Aim  The aim of this study was to review systematically evidence about the efficacy of motor interventions for children with developmental coordination disorder (DCD), and to quantify treatment effects using meta-analysis.

Method  Included were all studies published between 1995 and 2011 that described a systematic review, (randomized) clinical trial, or crossover design about the effect of motor intervention in children with DCD. Studies were compared on four components: design, methodological quality, intervention components, and efficacy. Twenty-six studies met the inclusion criteria for the review. Interventions were coded under four types: (1) task-oriented intervention, (2) traditional physical therapy and occupational therapy, (3) process-oriented therapies, and (4) chemical supplements. For the meta-analysis, effect sizes were available for 20 studies and their magnitude (weighted Cohen’s d [dw]) was compared across training types.

Results  The overall effect size across all intervention studies was dw=0.56. A comparison between classes of intervention showed strong effects for task-oriented intervention (dw=0.89) and physical and occupational therapies (dw=0.83), whereas that for process-oriented intervention was weak (dw=0.12). Of the chemical supplements, treatment with methylphenidate was researched in three studies (dw=0.79) and supplementation of fatty acids plus vitamin E in one study (no effect). The post hoc comparison between treatment types showed that the effect size of the task-oriented approach was significantly higher than the process-oriented intervention (p=0.01) and comparison (p=0.006). No significant difference in the magnitude of effect size between traditional physical and occupational therapy approaches and any of the other interventions emerged.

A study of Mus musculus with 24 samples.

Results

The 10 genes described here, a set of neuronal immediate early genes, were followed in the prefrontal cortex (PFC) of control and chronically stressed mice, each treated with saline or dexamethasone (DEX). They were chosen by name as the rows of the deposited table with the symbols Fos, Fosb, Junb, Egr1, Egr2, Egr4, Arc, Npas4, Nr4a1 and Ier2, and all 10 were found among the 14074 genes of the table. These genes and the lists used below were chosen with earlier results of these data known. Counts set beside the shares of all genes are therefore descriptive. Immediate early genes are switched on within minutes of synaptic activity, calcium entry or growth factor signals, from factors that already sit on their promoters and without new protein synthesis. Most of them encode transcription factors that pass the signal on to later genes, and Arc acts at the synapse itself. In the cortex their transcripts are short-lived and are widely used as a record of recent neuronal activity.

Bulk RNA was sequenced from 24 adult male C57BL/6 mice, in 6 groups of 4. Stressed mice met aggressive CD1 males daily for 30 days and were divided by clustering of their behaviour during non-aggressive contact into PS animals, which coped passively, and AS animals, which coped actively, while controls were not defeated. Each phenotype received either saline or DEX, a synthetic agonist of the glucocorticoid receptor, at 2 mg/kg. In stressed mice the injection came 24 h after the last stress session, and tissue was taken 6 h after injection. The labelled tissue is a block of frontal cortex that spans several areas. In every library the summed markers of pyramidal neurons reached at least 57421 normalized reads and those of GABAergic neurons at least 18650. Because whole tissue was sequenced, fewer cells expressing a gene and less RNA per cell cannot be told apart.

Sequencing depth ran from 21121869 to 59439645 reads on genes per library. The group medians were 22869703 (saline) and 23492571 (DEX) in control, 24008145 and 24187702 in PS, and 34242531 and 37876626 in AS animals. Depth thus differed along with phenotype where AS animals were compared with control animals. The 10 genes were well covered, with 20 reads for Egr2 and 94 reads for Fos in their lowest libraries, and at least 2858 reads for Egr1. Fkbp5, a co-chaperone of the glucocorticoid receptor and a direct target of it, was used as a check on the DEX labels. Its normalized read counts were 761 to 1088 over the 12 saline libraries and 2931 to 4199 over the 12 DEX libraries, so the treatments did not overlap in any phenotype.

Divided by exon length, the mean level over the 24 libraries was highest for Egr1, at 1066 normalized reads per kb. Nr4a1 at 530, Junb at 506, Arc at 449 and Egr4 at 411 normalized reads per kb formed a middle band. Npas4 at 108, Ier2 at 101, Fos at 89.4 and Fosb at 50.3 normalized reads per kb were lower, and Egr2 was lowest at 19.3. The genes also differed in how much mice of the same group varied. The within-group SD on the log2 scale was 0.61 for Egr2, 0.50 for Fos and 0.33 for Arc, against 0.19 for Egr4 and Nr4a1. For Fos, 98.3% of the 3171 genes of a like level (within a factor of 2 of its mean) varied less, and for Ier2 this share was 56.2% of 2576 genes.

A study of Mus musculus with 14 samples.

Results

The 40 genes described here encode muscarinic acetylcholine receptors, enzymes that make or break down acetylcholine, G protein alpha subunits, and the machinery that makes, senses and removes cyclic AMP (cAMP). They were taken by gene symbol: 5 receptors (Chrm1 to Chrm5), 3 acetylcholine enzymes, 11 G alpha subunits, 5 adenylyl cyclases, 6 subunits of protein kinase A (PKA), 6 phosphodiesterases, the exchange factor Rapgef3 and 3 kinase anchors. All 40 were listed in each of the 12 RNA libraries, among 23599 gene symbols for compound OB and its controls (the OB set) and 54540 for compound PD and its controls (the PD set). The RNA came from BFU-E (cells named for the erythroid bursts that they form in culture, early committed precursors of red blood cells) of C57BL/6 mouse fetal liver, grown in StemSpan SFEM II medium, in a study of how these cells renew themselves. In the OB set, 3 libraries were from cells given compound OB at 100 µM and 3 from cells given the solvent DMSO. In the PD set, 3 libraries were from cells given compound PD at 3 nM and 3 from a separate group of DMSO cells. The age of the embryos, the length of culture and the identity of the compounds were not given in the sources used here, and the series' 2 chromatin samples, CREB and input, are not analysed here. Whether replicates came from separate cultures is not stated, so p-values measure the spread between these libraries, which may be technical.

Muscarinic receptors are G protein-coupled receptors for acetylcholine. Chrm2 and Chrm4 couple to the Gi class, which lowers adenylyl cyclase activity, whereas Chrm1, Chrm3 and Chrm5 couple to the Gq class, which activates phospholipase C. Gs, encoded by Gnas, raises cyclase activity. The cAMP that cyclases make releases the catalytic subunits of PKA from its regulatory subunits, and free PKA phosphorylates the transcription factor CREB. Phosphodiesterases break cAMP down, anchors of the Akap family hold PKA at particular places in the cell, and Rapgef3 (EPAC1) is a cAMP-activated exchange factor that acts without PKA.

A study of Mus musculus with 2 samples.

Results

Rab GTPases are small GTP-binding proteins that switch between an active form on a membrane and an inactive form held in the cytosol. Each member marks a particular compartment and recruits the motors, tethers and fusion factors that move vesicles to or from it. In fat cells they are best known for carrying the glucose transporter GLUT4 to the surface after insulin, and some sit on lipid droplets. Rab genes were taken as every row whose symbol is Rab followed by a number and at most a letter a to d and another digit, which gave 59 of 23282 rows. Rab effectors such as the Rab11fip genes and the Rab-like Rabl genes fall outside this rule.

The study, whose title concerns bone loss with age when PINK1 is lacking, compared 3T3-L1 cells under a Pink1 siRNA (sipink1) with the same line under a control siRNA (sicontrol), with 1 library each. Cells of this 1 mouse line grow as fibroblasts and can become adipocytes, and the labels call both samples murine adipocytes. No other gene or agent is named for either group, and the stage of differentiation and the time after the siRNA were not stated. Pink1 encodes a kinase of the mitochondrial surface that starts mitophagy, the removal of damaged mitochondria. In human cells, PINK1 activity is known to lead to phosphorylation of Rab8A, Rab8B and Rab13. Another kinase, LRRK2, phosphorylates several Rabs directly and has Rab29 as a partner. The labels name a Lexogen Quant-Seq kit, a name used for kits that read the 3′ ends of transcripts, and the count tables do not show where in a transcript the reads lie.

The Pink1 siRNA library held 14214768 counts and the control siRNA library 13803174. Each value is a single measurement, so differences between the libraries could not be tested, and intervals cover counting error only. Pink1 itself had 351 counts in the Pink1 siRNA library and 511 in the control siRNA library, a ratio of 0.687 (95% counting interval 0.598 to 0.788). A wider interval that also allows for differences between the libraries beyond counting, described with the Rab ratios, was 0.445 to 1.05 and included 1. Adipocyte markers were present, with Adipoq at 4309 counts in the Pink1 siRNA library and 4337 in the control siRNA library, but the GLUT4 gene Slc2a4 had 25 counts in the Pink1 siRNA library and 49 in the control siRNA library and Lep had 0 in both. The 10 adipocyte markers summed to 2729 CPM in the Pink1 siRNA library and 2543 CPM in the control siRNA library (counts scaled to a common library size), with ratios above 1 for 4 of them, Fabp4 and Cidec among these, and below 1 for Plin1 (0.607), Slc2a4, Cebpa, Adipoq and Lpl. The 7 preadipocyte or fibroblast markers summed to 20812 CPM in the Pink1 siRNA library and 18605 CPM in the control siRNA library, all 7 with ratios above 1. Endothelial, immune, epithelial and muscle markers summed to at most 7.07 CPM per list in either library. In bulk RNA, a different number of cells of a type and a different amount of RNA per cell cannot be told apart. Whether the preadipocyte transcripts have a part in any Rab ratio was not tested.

Interpretation  In general, intervention is shown to produce benefit for the motor performance of children with DCD, over and above no intervention. However, approaches from a task-oriented perspective yield stronger effects. Process-oriented approaches are not recommended for improving motor performance in DCD, whereas the evidence for chemical supplements for children with DCD is currently insufficient for a recommendation.